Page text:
Art museums, universities, and colleges are vitally critical educational institutions in the United States. In the face of the intertwined crises of 2020, these sectors redoubled their equity, anti-racism, and social justice commitments. They have recognized the urgent need to address systemic, ingrained racism and other prejudices that have historically hindered the professional advancement of BIPOC individuals, women, and members of the LGBTQ+ communities. Historically, these groups have had limited access to leadership roles not only in civil society generally but also – and particularly – in the country's museums and institutions of higher education.
The The Hoffman Forum’s Civil Conversation Series at the University of Miami School of Law, "Diversity, Equity, & Inclusion – Art Museums & Universities: Similar Goals – Divergent Paths?," addressed the challenges that art museums and institutions of higher education confront in achieving goals of greater diversity, equity, and broader inclusion in their governance, and activities, and in the roles these organizations play in their communities.
"That art museums and universities are creating new, high-level positions charged with increasing diversity, equity, and inclusion represents an important shift in their priorities,” said Stephen Urice, professor of law, dean’s distinguished scholar, and director of the Arts Law Track within the Entertainment, Arts and Sports Law LL.M. Program. "How they achieve a shared goal of increased social justice within their own walls, and in the communities they serve, is an important and open question.”
Jill Deupi, director and chief curator, Lowe Art Museum, University of Miami, introduced the conversation that included:
- Daniel Weiss, president and chief executive officer, Metropolitan Museum of Art, New York City
- Mikka Gee Conway, chief diversity, inclusion, and belonging officer and EEO director at the National Gallery of Art in Washington, D.C.
- Osamudia James, then professor of law and Dean's Distinguished Scholar, associate dean of diversity, equity, and UM community, and associate provost for diversity, equity, and inclusion
Art museums and higher education institutions differ in their governance, traditions, programs and activities, and in many other ways. However, they share a similar purpose of educating the public. The discussion addressed how these organizations can address and make progress in their efforts to achieve a greater degree of social justice in their institutions, the communities they serve, and society at large.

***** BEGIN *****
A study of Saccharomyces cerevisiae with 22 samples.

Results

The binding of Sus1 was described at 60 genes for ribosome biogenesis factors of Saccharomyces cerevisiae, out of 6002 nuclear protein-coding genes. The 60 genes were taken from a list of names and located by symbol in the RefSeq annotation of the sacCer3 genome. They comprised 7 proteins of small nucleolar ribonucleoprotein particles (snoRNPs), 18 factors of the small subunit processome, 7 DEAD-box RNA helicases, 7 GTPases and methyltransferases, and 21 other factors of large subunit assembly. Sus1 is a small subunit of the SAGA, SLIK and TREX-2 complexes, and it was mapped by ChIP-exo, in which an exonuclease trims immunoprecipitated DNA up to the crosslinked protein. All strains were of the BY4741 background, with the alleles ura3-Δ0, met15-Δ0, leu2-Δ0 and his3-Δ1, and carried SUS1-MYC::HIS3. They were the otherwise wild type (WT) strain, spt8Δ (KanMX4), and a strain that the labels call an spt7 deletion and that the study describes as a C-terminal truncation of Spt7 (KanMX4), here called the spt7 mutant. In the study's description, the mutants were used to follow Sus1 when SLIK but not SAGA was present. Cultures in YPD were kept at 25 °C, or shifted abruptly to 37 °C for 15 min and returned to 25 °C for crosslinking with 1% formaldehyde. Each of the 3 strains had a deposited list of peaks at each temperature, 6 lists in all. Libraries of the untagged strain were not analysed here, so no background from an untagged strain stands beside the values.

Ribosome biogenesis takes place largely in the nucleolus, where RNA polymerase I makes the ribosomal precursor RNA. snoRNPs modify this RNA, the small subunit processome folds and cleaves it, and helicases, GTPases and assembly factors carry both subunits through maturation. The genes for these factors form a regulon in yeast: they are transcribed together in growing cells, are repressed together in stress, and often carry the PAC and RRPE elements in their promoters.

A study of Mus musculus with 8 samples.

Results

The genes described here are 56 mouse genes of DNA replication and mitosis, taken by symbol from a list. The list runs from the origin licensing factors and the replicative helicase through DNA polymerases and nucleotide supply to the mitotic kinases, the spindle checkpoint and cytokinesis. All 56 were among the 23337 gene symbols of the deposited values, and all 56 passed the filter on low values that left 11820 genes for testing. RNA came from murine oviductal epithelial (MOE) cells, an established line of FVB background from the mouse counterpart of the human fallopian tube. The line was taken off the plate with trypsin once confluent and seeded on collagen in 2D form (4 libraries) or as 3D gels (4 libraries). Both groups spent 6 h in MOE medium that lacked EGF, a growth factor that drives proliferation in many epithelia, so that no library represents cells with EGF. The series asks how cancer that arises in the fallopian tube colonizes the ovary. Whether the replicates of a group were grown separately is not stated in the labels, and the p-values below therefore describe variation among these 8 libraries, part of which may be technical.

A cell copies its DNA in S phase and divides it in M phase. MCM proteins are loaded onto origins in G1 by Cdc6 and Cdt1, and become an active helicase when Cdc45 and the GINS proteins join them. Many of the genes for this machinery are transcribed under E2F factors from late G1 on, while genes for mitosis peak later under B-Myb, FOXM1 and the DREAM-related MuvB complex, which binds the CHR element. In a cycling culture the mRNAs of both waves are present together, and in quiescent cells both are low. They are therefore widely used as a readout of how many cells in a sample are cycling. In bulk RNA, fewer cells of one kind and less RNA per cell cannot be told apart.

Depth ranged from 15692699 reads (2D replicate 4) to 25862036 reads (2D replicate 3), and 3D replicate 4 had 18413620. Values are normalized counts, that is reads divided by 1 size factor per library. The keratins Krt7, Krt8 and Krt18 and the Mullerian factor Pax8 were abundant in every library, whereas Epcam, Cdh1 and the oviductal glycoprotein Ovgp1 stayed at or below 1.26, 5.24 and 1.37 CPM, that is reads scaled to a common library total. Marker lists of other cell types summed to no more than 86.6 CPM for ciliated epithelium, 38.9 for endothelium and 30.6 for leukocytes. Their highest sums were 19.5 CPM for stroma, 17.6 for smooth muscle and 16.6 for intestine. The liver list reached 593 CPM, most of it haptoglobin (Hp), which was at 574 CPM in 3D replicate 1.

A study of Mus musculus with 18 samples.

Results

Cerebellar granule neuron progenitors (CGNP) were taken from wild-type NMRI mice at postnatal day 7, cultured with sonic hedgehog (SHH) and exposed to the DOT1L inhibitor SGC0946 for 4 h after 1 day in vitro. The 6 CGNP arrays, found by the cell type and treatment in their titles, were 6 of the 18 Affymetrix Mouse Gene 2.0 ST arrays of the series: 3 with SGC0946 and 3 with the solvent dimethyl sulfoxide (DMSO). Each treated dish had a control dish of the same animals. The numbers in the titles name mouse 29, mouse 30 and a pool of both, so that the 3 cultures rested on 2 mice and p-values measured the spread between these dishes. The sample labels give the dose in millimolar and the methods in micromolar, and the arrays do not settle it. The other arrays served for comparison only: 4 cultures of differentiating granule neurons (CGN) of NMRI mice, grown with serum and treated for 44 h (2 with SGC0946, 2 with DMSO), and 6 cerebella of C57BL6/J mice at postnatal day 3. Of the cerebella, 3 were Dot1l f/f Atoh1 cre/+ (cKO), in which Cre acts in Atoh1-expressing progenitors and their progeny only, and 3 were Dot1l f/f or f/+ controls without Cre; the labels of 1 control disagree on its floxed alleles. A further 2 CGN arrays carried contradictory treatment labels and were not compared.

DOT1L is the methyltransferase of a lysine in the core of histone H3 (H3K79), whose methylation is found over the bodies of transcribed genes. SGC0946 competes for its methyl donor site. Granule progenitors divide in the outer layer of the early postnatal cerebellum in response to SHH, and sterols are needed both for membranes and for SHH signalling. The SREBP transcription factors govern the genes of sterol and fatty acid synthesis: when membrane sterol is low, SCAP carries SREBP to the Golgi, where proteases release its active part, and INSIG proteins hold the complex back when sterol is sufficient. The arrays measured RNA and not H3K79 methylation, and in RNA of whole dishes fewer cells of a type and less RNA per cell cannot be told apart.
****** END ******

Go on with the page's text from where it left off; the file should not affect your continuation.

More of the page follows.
As a prominent educational leader, Weiss, former president of Lafayette and Haverford Colleges, was among the first museum officials to speak out on several vital issues affecting museums, including the Trump administration’s decision to withdraw the United States from UNESCO, and philanthropy from the Sackler family opioid fortune.
Recent efforts to include formerly muted or excluded voices, stakeholders, and the public in all aspects of museums and universities is exampled by Conway's and James’s newly created positions. Conway serves as the National Gallery of Arts’ inaugural Chief Officer for Diversity, Inclusion, and Belonging. Previously, Conway served as associate general counsel at the J. Paul Getty Trust. James served as Miami Law's first associate dean for diversity, equity, and community and the University of Miami’s first associate provost for diversity, equity, and inclusion. James is a nationally recognized legal scholar and regularly contributes opinion pieces on racial and social justice to The New York Times and other media sources.
A generous gift from law school alumni Larry J. Hoffman, J.D., ‘54 and Deborah Hoffman, J.D., ‘83, supports the Hoffman Forum, which is committed to the civil exchange of ideas for the benefit of our university, our community, and the wider world. The Forum’s Civil Conversation Series supports the Hoffman’s goal of expanding opportunities for collaborative and interdisciplinary programs related to issues at the intersection of law, public policy, the arts, and social justice. The forum operates as a component of Miami Law's LL.M. Program in Entertainment, Arts and Sports Law.